Launch of Rise means Ireland’s political left now has 15 groups and parties

Founder Paul Murphy been influenced by ground-up campaigns like water charges, Repeal

If ever there was a need for a new academic discipline it would be micropolitics. Its primary subject matter? Left-wing groupings in Ireland.

There are many socialist organisations, but the difference between them is not obvious to the untrained eye. It is only through years of hard labour and re-education in the field that a person will acquire the ability to recognise the nuances, arcane history, and not-quite-identical tactics that distinguish them.

The launch of Rise (Radical, Internationalist, Socialist and Environmentalist), a new left-wing group founded by former Socialist TD Paul Murphy, has brought to 15 the number of groups and parties on Ireland’s political left, including Sinn Féin, the Labour Party, the Social Democrats and the Green Party.

The old joke goes that the first item on the agenda for any left-wing party is the split, and there is ample evidence to bear that out in this State. Independents 4 Change, for example, had its origins in the departure of Clare Daly from the Socialist Party.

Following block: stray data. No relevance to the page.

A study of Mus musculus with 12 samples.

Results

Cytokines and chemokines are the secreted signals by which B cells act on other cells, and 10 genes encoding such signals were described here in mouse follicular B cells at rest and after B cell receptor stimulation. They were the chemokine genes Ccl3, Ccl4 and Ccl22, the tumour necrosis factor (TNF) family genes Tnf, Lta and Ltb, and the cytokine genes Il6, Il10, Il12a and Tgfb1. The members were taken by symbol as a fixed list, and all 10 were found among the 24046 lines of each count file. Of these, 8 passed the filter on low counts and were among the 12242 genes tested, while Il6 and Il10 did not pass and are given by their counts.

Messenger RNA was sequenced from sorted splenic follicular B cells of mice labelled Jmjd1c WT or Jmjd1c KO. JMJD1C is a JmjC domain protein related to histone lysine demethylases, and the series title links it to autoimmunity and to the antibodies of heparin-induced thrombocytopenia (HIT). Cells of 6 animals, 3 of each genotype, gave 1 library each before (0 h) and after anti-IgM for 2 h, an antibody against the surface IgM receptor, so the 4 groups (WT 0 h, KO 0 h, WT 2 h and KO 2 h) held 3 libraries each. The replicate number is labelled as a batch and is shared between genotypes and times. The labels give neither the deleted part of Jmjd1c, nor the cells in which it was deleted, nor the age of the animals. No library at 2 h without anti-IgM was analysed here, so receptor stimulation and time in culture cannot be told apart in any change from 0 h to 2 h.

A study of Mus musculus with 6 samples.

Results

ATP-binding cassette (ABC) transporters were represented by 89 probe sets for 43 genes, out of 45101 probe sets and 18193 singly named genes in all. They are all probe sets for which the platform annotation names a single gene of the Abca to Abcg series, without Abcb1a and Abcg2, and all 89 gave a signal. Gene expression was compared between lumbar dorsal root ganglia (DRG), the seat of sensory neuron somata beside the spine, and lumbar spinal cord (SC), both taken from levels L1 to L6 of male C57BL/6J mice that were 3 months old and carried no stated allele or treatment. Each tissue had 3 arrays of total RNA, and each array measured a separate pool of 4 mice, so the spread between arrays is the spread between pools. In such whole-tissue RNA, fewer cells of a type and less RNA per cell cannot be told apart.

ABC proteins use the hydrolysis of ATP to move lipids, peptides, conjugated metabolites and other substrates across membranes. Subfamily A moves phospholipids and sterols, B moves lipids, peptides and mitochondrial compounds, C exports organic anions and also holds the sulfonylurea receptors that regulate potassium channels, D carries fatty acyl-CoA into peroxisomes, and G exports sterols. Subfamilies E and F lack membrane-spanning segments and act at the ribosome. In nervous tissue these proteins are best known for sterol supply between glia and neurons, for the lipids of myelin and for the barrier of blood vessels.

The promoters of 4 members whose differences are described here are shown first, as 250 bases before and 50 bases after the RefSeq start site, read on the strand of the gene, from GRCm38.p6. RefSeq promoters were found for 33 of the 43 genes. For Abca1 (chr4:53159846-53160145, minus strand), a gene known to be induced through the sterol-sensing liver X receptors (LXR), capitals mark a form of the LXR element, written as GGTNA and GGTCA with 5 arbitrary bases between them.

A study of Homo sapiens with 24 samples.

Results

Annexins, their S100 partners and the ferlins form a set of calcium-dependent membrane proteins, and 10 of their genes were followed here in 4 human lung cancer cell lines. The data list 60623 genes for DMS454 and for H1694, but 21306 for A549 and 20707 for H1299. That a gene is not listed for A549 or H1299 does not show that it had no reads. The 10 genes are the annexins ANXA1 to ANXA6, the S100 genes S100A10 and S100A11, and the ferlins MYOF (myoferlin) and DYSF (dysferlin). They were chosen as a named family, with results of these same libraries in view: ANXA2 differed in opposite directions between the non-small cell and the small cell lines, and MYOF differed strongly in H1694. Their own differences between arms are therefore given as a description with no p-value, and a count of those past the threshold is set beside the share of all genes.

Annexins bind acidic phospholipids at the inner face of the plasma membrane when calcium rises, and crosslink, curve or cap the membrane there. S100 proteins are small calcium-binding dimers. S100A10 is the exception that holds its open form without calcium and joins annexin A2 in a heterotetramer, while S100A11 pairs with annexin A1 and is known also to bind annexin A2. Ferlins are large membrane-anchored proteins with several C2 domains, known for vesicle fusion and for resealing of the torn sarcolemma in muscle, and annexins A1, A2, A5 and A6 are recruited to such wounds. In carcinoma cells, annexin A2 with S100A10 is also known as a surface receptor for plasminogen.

Murphy said Rise would act as a third arm of Solidarity-People Before Profit, which is made up of two distinct political parties, both Marxist and Trotskyist, and both close in many respects but destined never to join together.

People Before Profit, which has three TDs, is comprised of members of the Socialist Workers Network, which used to be the Socialist Workers Party. It was formed in 1971 from disparate radical left groups and is aligned to the International Socialist Tendency.

The Socialist Party was formerly a party of the militant tendency within the Labour Party in Ireland, and is affiliated to the hard-left Committee of Workers’ International, which is based in Britain.

Broader coalitions

For an outsider the easiest way to distinguish between the two parties is in their different views on Northern Ireland and Sinn Féin.

People Before Profit would be seen as more tolerant of republicanism, while Solidarity regards Sinn Féin as a sectarian party. Also, they have different positions on broader coalitions of the left, with the Socialist Party/Solidarity always strictly circumscribing its involvement.

These were among the grounds that led to Murphy and a small group of supporters leave the party to form Rise. Murphy has been influenced by the rise of Syriza and Podemos and ground-up campaigns like that against water charges and Repeal the Eighth.

Murphy sees potential for groups like his to join and influence wider parties such as Labour in Britain and Democratic Socialists of America. He is also open to co-operation with Sinn Féin and the Greens.

Indeed, Rise seems not too far removed from People Before Profit, which itself has called for a broad left movement. What separates them is not easily explainable to those outside the fold.